The New Yorker asks: Is Noise The Next Big Public Health Crisis?

Photo credit: ŠJů licensed under CC BY 4.0

by David M. Sykes, Vice Chair, The Quiet Coalition

This superbly written piece appeared in the New Yorker magazine online edition May 6 (it is in the May 13, 2019, print edition). Kudos to staff writer David Owen for his second article on the subject of noise–his first, on high-tech hopes for the hard of hearing, was published in March 2017. Owen also has a book coming out this October called “Volume Control: Hearing in a Deafening Worldthat we eagerly await—could this book help tip the scales?

We’re especially proud that Mr. Owen worked with several of The Quiet Coalition’s founders to produce this latest piece: our chair, Daniel Fink, MD, Arline Bronzaft, PhD, Les Blomberg, Bryan Pollard and maybe others. The first three are quoted in the piece and Bryan facilitated contact between the writer and the hyperacusis patient whose story appeared in the article, and assisted with fact checking on hyperacusis.

When we started The Quiet Coalition, our goal was to act as a reliable and accurate source of science stories to major media. The Quiet Coalition has assembled a outstanding group of members who are willing to share their knowledge and noise contacts with editors and reporters. As this and several other articles show, it’s working!

In addition to serving as vice chair of the The Quiet Coalition, David Sykes chairs several professional organizations in acoustical science: The Acoustics Research Council, American National Standards Institute Committee S12, Workgroup 44, The Rothschild Foundation Task Force on Acoustics, and the FGI Acoustics Working Group—a partner of the American Hospital Association. He is the lead author of “Sound & Vibration 2.0 (2012, Springer-Verlag), a contributor to the National Academy of Engineering report “Technology for a Quieter America,” and to the US-GSA guidance “Sound Matters”, and co-founded the Laboratory for Advanced Research in Acoustics (LARA) at Rensselaer Polytechnic Institute. He recently retired from the board of directors of the American Tinnitus Association. A graduate of the University of California/Berkeley with graduate degrees from Cornell University, he is a frequent organizer of and speaker at professional conferences in the U.S., Europe, Asia, and the Middle East.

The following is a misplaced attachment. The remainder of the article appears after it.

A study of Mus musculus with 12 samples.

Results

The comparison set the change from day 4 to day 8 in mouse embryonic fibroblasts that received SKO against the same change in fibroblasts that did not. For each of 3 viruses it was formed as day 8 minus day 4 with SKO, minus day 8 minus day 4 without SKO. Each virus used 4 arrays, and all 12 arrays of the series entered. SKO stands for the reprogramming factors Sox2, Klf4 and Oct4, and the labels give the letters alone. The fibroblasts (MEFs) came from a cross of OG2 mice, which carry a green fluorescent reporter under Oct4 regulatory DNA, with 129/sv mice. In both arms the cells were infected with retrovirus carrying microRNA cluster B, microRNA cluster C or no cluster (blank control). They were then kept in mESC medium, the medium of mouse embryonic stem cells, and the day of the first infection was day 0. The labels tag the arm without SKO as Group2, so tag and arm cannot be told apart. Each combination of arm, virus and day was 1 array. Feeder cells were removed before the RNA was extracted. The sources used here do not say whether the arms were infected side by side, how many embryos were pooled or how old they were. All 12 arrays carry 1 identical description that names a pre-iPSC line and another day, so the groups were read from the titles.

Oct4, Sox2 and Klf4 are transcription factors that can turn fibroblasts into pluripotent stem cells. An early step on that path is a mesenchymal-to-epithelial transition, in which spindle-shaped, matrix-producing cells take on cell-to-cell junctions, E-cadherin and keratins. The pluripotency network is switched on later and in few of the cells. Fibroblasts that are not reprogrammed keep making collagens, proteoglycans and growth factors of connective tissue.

Comments (3)

  1. K. Scott Phillips, PhD

    Absolutely, noise needs to be regulated just like other sources of pollution. Jets BY LARGE margins contribute way more than their fair share of environment destroying noise and have a TERRIBLE noise-to-benefit ratio. Therefore, jet noise should be the first goal for these regulations. I propose that EPA should carry out the development and enforcement of federal noise protection laws, since protecting the environment is what they do best. I am writing an article on a new science-based approach to quantify jet noise impact on a community- the current approaches which are based more on practice than on quantifiable science greatly underestimate how it is harming public health. I hope that this new approach might be considered to address air noise injustice created by regulatory capture of FAA.

    1. GMB (Post author)

      Thank you for your comment.

      1. David M. Sykes

        Wonder if you’ve looked at the “alternative/supplemental metrics” project for which funding is provided in the FAA Reauthoriztion Act that Congress passed and president Trump signed? I-INCE and researchers like Sandy Fidell have been pushing for “supplemental/alternative metrics” for a long time and it’s quite an accomplishment that the Congressional Quiet Skies Caucus got this into the FAA Reauthorization Act.